News ID: 316682
Published: 0333 GMT September 27, 2021

German Social Democrats beat conservatives in vote to decide Merkel successor

German Social Democrats beat conservatives in vote to decide Merkel successor

Olaf Scholz, leader of Germany's SPD party, waves during the election at Willy Brandt House in Berlin, Germany, on September 26, 2021.

Germany’s Social Democrats narrowly won Sunday’s national election, projected results showed, and claimed a "clear mandate" to lead a government for the first time since 2005 and to end 16 years of conservative-led rule under Angela Merkel.

The center-left Social Democrats (SPD) were on track for 26.0% of the vote, ahead of 24.5% for Merkel's CDU/CSU conservative bloc, projections for broadcaster ZDF showed, but both groups believed they could lead the next government, according to Reuters.

With neither major bloc commanding a majority, and both reluctant to repeat their awkward "grand coalition" of the past four years, the most likely outcome is a three-way alliance led by either the Social Democrats or Merkel's conservatives.

A new coalition could take months, and will likely involve the smaller Greens and liberal Free Democrats (FDP).

“We are ahead in all the surveys now,” the Social Democrats’ chancellor candidate, Olaf Scholz, said in a round table discussion with other candidates after the vote.

“It is an encouraging message and a clear mandate to make sure that we get a good, pragmatic government for Germany,” he added after earlier addressing jubilant SPD supporters.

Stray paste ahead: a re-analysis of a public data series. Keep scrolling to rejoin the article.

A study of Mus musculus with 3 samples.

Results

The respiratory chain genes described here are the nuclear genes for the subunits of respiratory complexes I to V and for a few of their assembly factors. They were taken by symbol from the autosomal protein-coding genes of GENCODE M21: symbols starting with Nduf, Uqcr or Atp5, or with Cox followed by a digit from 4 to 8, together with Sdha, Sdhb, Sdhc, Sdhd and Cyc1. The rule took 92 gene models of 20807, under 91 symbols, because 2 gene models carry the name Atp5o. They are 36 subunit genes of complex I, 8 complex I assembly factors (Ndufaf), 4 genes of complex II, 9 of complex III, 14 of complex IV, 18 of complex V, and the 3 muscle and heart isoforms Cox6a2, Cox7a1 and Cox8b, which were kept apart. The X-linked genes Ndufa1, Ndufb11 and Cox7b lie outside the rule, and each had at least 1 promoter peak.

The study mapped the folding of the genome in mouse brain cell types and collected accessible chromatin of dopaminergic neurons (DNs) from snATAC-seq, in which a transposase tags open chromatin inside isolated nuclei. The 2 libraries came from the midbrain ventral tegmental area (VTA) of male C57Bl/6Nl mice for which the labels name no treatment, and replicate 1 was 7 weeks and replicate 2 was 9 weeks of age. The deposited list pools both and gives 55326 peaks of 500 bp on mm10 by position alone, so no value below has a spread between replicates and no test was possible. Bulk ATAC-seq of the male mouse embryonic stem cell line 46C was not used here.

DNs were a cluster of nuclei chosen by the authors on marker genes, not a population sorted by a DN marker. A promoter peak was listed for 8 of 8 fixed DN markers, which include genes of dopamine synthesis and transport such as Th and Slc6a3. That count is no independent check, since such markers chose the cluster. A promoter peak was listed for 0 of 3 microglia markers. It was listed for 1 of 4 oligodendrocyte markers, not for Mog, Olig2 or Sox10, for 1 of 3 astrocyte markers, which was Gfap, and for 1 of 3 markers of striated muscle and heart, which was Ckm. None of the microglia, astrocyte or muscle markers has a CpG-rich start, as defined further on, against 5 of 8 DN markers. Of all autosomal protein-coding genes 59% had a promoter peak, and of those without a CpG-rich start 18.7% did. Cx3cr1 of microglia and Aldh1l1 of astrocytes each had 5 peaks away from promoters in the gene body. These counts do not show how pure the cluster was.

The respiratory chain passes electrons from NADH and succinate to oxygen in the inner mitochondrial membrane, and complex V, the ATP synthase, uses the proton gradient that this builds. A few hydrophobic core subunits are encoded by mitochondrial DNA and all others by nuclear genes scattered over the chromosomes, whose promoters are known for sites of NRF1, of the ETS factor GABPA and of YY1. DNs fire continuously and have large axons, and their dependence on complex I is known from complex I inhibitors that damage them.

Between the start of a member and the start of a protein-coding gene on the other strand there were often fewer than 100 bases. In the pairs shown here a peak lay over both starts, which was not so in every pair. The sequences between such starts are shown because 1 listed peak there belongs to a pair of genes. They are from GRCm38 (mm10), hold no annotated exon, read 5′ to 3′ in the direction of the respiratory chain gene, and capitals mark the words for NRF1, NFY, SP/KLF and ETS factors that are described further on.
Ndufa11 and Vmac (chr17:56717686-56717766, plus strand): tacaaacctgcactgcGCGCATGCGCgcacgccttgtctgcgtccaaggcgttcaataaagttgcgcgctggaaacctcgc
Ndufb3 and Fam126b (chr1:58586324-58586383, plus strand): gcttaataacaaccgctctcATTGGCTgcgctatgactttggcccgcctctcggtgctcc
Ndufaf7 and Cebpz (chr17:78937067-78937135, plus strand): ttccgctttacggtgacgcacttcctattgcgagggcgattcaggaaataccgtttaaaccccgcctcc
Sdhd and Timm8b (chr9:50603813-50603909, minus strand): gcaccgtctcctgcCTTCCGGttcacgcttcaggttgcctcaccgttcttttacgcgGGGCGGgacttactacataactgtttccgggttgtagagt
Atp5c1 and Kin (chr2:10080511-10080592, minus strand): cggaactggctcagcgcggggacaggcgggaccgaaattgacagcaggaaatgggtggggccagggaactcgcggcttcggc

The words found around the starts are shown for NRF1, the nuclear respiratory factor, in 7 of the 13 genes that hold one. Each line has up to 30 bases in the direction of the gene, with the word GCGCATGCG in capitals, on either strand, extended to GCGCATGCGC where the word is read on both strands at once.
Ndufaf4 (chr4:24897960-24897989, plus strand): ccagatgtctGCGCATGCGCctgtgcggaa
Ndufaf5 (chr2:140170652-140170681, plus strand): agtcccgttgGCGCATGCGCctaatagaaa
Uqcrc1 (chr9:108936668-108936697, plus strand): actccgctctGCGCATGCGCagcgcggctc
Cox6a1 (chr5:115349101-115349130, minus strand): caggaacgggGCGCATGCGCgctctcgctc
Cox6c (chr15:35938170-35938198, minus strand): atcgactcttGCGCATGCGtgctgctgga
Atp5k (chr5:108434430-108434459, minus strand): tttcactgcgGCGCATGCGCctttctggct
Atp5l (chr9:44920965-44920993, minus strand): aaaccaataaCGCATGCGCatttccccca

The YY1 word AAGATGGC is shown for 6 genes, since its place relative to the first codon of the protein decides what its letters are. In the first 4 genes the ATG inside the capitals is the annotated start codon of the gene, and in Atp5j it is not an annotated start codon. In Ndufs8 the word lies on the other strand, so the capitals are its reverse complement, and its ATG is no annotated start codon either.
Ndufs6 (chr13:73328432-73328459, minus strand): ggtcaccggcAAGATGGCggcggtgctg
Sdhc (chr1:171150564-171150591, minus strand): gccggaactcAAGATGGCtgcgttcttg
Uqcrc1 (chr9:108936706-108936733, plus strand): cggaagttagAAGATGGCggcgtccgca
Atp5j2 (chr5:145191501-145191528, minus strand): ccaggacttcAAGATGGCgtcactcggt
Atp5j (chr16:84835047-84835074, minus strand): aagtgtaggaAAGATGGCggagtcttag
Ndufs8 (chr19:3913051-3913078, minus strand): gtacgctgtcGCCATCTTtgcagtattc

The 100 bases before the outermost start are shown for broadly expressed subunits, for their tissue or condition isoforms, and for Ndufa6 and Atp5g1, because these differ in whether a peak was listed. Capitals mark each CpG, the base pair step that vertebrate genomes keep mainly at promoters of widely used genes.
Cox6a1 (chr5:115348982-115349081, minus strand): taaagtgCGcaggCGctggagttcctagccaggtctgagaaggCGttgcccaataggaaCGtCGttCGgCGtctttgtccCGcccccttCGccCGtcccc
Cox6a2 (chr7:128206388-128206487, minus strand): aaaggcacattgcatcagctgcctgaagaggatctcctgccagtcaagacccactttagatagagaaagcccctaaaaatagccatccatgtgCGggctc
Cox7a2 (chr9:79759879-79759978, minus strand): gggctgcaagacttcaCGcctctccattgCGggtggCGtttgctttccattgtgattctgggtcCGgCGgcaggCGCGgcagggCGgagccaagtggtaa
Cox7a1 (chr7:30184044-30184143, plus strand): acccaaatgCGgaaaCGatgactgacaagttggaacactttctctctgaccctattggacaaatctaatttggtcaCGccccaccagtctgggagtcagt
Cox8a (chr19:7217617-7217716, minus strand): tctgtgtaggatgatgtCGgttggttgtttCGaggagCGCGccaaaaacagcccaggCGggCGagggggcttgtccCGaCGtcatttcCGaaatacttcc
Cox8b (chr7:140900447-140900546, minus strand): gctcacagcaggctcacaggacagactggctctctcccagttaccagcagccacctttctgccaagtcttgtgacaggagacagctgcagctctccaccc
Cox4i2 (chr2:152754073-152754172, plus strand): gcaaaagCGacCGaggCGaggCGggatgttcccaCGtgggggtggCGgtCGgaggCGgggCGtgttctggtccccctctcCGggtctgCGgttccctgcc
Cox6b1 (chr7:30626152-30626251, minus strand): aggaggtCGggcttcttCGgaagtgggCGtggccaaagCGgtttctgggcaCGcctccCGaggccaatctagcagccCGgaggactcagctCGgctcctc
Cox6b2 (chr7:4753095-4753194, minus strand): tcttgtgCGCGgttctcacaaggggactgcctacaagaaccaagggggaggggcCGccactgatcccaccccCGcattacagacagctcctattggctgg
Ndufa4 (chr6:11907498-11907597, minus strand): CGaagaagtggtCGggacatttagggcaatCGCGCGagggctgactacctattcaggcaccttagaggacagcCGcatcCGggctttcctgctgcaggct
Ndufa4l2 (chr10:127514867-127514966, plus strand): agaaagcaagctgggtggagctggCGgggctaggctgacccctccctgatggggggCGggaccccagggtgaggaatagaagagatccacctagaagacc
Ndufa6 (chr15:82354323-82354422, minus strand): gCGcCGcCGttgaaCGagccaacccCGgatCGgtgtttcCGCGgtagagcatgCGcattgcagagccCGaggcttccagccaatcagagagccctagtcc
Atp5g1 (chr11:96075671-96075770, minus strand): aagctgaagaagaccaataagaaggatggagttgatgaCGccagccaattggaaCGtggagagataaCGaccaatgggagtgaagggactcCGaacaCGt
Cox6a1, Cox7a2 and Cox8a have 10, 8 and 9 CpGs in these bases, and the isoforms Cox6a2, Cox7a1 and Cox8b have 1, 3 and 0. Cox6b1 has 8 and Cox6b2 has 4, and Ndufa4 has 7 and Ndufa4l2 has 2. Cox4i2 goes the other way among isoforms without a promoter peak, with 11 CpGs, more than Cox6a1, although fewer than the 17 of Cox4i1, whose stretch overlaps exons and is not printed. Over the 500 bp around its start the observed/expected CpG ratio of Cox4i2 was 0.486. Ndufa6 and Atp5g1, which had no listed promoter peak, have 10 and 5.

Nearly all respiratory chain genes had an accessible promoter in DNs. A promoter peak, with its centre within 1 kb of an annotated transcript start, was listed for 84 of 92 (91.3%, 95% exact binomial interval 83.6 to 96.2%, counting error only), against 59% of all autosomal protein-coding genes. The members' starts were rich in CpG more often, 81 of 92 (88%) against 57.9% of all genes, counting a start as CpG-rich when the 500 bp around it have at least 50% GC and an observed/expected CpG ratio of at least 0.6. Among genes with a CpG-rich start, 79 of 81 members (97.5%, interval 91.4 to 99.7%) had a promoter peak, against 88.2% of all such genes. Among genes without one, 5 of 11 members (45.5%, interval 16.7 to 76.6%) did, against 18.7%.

The SPD’s rise heralds a swing left for Germany and marks a remarkable comeback for the party, which has recovered some 10 points in support in just three months to improve on its 20.5% result in the 2017 national election.

Germany's CDU needs renewal after putting up its worst election showing since World War II, party chief Armin Laschet said Monday, as he admitted responsibility for the loss to the Social Democratic Party, according to AFP.

The CDU-CSU alliance "cannot be satisfied with this result," said Laschet, adding that "renewal is needed in all areas".

The Kremlin said Monday it hoped for "continuity" in Moscow's ties with Berlin, as Germany was bracing for a period of political uncertainty following a general election.

"Of course, we are counting on continuity in our bilateral relations," Kremlin spokesman Dmitry Peskov told reporters, adding that Moscow was following the vote with "great attention".

France welcomed on Monday the outcome of Germany's national election as a victory for "stability and continuity" and urged the leaders of the parties likely to be in the next coalition to make early contact with the government in Paris, according to France 24.